A national first has been achieved with the completion of the largest polymer lining drinking water project in Australia, undertaken by Swagelining Limited and partner ITS Trenchless.
The pipeline rehabilitation project involved lining 4,630 m of existing 24 inch nominal diameter water main that runs beneath one of the busiest roads in Adelaide. The $A4 million contract was the second project of its type carried out for South Australia’s water utility corporation, SA Water, following a similar project in Adelaide in 2007.
Swagelining Limited Managing Director Stephen Barnes said “Swagelining is life-extending technology for new and existing pipelines. It provides the ideal solution where techniques such as open trench and pipe bursting are not suitable.
“Project highlights included achieving polymer liner installation runs of up to 600 m, swagelining through a sweeping bend, and completing the project on time and within budget.”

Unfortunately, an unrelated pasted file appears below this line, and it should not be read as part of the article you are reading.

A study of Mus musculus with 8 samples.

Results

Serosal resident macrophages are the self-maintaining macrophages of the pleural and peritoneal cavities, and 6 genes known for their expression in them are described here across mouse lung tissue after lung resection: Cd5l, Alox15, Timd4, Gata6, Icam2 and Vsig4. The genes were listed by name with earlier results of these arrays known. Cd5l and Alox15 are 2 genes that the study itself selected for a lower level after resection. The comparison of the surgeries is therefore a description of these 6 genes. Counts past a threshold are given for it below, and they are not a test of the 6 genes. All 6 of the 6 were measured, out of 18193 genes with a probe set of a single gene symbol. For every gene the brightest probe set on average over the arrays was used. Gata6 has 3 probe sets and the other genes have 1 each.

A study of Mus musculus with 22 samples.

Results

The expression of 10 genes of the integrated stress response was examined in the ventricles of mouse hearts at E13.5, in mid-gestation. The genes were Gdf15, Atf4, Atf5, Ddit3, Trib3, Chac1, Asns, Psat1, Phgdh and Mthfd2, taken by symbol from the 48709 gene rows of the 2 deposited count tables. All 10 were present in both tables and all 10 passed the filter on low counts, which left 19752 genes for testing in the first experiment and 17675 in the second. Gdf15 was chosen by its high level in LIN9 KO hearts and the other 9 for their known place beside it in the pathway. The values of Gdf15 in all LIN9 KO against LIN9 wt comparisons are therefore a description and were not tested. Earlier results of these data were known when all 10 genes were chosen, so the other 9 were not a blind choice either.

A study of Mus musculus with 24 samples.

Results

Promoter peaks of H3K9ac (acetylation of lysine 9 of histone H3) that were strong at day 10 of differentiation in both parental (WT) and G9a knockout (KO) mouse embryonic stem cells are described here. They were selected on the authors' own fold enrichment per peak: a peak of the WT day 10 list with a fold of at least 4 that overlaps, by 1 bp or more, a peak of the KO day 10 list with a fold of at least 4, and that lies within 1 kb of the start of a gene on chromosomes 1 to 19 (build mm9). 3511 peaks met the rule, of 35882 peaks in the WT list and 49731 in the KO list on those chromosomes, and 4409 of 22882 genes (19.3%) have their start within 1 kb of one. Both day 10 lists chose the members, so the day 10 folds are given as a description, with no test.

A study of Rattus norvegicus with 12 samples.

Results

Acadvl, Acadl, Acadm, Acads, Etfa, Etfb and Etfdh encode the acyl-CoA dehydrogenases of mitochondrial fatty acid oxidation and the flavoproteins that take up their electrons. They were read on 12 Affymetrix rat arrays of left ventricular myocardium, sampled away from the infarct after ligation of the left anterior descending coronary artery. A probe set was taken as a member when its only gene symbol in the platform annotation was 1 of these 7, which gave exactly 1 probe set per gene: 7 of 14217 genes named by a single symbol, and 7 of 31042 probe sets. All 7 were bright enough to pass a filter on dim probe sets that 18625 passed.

Swagelining is highly versatile technology, with liner thickness varying from project to project. The Adelaide project used a 594 mm polyethylene (PE) 100 liner with a wall thickness of 56 mm to meet SA Water’s requirement for a liner with full structural capability. In contrast, another water project was recently completed in the United Kingdom where the requirement was for a thin semi-structural liner, which saw a 1,016 mm PE 100 liner with a wall thickness of only 20 mm being installed.
SA Water Asset Manager David Jaensch said “Using the innovative swagelining technology resulted in a significant reduction in the impact on the community and environment, with only small sections of the road having to be closed for a short space of time to be dug up.
“We also benefitted from substantial cost savings with regard to road restorations compared with open trenching methods.”